Full report reveals witness accounts of “orange glow” in sky when RAF Lakenheath helicopter crashed in Cley
17:00 28 July 2014
Witnesses to the fatal Cley US helicopter crash saw an “orange glow” in the sky before the Pave Hawk helicopter fell to the ground, a full investigation report has revealed.
The 1,876 page document, produced by US investigators, includes transcripts of interviews with witnesses that report seeing a flock of geese being scared into the sky, before a “fireball” was spotted by a secondary helicopter crew.
A summarised report released on July 9 confirmed the cause of the crash to be bird strike, after at least three geese smashed through the HH-60’s windscreen.
Captains Christopher S Stover, 28, and Sean M Ruane, 31, Technical Support Sergeant Dale E Mathews, 37, and Staff Sergeant Afton M Ponce, 28. all based at RAF Lakenheath, were killed in the crash.
One witness, a student who had been in the Dun Cow pub just before the incident took place at around 6pm on January 7, said he saw the aircraft scare a flock of geese before impact.
“It literally dropped, like incredibly suddenly. And I could see this orange glow, this orange illumination.
“And it was very quick; I mean so quick that I couldn’t believe my eyes.
“I knew it was a chopper, it must have been a chopper: and thinking about it, my first thoughts were nothing, no mechanical vehicle, could descend that quickly on purpose, so that must have been a crash. And, you know, just watching it I could hardly believe what I had just seen.”
The majority of witness statements in the report are from US Air Force personnel.
The instructor pilot of the second aircraft on the fatal training mission told investigators that he spotted a small fire on the ground after the HH-60 aircraft did not respond to radio calls.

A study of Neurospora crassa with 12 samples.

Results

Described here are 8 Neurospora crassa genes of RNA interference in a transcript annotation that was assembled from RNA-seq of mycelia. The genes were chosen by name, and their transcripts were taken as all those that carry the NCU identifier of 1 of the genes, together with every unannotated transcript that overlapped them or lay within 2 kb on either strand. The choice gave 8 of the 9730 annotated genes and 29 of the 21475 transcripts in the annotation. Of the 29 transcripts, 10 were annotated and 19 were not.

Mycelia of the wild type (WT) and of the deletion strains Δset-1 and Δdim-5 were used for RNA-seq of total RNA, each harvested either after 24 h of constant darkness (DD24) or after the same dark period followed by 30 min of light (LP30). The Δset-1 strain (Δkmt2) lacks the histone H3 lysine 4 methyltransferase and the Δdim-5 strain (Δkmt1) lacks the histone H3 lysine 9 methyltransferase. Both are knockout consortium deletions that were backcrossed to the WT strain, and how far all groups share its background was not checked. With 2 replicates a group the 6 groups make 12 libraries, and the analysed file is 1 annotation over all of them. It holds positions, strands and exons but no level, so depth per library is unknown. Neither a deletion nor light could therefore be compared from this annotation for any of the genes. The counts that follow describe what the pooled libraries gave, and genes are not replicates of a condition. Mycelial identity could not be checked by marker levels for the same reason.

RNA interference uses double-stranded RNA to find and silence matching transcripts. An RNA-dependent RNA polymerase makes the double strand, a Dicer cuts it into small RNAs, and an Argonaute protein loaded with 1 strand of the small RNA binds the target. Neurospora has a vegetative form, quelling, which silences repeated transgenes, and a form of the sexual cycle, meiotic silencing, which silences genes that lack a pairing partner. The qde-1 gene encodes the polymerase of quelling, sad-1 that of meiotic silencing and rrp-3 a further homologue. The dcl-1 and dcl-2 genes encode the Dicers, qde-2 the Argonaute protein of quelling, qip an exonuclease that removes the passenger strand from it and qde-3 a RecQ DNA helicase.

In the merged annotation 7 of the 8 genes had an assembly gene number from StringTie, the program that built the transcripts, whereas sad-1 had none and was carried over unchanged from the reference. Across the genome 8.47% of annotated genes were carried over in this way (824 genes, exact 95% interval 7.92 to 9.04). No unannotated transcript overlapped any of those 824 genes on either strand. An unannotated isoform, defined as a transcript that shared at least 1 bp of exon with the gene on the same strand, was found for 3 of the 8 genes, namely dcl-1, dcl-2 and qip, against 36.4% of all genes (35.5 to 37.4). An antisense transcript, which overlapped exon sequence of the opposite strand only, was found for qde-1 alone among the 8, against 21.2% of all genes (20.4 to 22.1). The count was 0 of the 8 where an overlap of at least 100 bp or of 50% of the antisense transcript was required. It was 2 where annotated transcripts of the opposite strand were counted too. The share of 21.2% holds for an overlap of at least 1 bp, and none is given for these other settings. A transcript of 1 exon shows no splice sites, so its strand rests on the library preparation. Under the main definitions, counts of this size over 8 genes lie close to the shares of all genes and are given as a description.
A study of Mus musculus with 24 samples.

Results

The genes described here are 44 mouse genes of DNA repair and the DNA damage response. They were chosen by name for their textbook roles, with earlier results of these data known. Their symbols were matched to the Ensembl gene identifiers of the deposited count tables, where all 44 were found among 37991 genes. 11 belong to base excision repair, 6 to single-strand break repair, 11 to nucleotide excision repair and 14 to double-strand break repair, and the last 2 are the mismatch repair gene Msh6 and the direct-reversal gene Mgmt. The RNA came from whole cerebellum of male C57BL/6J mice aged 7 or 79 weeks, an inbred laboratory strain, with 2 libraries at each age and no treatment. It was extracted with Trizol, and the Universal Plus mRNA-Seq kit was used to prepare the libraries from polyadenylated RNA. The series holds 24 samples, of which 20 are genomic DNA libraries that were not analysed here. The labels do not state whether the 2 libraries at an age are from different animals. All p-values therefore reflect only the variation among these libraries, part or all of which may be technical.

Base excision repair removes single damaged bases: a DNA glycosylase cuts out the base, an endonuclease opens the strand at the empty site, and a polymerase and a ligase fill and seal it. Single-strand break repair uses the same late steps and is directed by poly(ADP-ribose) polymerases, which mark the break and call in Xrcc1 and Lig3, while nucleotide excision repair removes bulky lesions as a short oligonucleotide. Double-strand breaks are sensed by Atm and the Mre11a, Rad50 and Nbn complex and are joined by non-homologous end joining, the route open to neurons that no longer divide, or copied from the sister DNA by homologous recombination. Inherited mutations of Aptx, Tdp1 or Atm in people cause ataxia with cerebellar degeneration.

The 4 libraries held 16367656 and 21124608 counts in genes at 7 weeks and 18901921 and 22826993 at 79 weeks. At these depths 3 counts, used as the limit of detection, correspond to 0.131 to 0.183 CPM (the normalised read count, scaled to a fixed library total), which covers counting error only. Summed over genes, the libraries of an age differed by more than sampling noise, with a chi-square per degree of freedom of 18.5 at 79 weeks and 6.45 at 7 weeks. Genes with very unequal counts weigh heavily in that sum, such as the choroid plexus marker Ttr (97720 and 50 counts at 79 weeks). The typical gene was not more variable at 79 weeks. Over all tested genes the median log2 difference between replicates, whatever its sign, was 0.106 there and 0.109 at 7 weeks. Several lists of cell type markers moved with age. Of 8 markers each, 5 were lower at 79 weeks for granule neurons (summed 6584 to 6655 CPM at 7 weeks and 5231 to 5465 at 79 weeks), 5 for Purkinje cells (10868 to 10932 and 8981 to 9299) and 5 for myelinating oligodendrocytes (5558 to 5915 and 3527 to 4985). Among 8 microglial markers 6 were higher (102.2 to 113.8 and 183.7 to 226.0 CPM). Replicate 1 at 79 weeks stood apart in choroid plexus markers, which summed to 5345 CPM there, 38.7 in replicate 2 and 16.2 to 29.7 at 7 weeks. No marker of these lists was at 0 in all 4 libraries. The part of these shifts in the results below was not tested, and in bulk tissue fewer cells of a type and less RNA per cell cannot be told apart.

“I turned the aircraft around, and probably about maybe half a mile behind us you could see a little bit of a fire.
“It wasn’t huge; but it didn’t look like them because it was really small, a real small fire; but I knew that it was them,” he said.
The pilot said that after landing, his crew conducted a search for surivivors.
“The three of us searched for survivors for about 20/30 minutes and eventually found all of them and took pulses, and there were no survivors. And there was not much we could do beyond that.” he said.
The report includes confirmation that the crews would fly in the Cley and Salthouse area frequently, with one witness saying it was as much as “ a couple of times a week”.
It was also confirmed that the crews did not see the flock of geese before they smashed through the aircraft’s windscreen, causing the crash.
The impact of the crash site on USAF clean-up crews is also documented in the findings, with reports of crew members almost fainting as they struggled to deal with the scene.
A videographer is said to have “slumped over” as she recorded footage of the bodies being removed from the aircraft, while medical crews were said to be left stunned by the aftermath.
The report was released after a Freedom of Information Act request by the BBC.